Czech toasts simulator launch

Czech Airlines has ceremoniously put into operation its Airbus A320 flight simulator.The Airline received the equipment as a part of the supply of 12 medium-haul Airbus A319 and A320 aircraft.  The simulator will serve primarily for the training and recurrent training of CSA pilots, but also for pilots of foreign airlines.  CSA will also use the simulator in its “Flying without Fear” courses, which the Airline organises for the public.

The flight simulator is made by the Anglo-French company Thales.  The advanced visual system was supplied by the Anglo-American company Rockwell-Collins.  The perfect impression of a real flight is ensured by the entire equipment moving along six axes.  The simulator is controlled by an instructor through two touch screens, on which any flight move can be set, with any weather, with surrounding air traffic, and twenty selected airports, such as the ones in Frankfurt, Paris, Milan, Innsbruck, or Prague.  In practicing for emergency situations, it is possible to evoke a great number of failures.

“Air crew training is one of the most important aspects of the quality and, above all, safety of flight operations,” said CSA’s Vice-President for Flight Operations, Jan Jan’k, during the simulator launch ceremony, adding: “Without proper training and capable people, air carriage cannot be operated truly safely.”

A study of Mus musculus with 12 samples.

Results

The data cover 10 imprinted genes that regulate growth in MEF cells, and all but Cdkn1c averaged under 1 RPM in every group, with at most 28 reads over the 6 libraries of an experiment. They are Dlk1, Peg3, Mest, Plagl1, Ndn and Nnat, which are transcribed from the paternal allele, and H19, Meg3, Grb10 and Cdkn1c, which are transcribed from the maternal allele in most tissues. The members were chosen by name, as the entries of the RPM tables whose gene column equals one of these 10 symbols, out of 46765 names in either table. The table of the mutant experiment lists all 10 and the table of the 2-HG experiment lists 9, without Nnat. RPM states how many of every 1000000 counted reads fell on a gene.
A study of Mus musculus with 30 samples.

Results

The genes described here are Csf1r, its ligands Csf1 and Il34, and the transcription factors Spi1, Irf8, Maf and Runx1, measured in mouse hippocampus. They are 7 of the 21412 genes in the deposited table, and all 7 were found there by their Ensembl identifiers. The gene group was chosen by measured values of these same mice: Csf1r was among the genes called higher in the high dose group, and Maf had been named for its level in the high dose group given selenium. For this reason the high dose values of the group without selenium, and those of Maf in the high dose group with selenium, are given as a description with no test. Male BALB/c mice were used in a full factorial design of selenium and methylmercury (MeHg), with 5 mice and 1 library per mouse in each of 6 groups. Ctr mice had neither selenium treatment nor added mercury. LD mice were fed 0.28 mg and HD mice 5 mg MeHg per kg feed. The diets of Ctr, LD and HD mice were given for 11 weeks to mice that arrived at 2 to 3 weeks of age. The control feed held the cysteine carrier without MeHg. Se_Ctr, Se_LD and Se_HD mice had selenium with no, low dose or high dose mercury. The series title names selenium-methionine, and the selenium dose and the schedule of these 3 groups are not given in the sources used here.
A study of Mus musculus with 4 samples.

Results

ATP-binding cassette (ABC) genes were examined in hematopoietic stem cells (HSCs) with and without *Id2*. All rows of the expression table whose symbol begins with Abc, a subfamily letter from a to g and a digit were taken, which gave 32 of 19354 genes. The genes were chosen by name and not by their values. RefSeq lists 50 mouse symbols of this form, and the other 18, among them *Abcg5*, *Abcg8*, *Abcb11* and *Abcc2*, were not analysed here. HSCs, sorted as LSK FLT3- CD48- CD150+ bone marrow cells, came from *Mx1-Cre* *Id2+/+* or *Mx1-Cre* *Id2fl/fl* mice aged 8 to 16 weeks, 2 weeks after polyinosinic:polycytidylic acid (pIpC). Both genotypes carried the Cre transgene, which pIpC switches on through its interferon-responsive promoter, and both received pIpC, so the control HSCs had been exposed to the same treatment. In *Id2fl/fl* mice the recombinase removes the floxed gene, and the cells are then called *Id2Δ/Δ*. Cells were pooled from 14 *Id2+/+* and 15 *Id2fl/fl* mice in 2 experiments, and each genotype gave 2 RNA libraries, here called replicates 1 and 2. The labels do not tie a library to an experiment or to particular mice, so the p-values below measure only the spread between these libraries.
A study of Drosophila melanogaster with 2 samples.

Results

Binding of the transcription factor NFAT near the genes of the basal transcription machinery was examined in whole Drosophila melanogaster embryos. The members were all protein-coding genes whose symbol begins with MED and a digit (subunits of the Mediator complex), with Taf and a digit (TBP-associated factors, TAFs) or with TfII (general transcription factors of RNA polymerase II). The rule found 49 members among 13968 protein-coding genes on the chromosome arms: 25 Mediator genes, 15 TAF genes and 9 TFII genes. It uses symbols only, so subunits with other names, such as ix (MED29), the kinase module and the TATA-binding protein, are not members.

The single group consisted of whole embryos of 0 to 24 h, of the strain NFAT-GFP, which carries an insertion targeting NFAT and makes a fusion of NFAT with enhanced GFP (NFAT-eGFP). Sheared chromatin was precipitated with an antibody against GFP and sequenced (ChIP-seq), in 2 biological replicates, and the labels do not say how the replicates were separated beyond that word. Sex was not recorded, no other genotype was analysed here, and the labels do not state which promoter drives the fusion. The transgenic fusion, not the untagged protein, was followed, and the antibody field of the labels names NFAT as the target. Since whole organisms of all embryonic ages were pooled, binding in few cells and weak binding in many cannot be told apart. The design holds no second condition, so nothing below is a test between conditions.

Simulator training is a compulsory part of the type-rating training of every pilot.  The regulations also demand regular annual recurrent simulator flights and training for emergency situations.  To date, Czech Airlines’ pilots have had to travel to Toulouse, London, Madrid, or Tunis for this compulsory simulator training.  That entailed significant costs and cut down on their availability for flying.

CSA will offer the capacity of the new simulator to foreign airlines operating aircraft from the Airbus A320 family.  CSA expects the interest of airlines from the Netherlands, the Ukraine, Bulgaria, Macedonia, Belarus, and many other countries, primarily from Eastern Europe.  A number of airlines from those countries already use the other equipment offered by the Czech Airlines Training Centre for their training.  CSA strives for its Prague Training Centre to become a member of the worldwide network of Airbus Training Centres, which would significantly contribute to the full utilisation of the simulator’s capacity.


Presently, Czech Airlines operates two full-flight, i.e., movable simulators, for pilot training (Boeing 737 and Airbus 320).  Furthermore, it has a flight simulator for ATR turbo-propeller planes, another training device for training standard and emergency situations for cabin crews, and several special simulators - for example for pilots’ cockpit procedures, or for fire-fighting training in a closed space.

This year, the CSA Training Centre should also obtain a movable A320 cabin simulator, which will serve in cabin crew training.  The device, which is a precise 30-seat model of a part of the Airbus A320 family cabin, is - like the pilot simulators - equipped with hydraulic legs that can move it about and simulate the flight. The device will enable flight attendants to train for all sorts of day-to-day and emergency procedures on board, in near-to-real conditions.  The cabin simulator that CSA will obtain in the second half of the year can simulate many failures, including the loss of cabin pressure, fire on board, etc.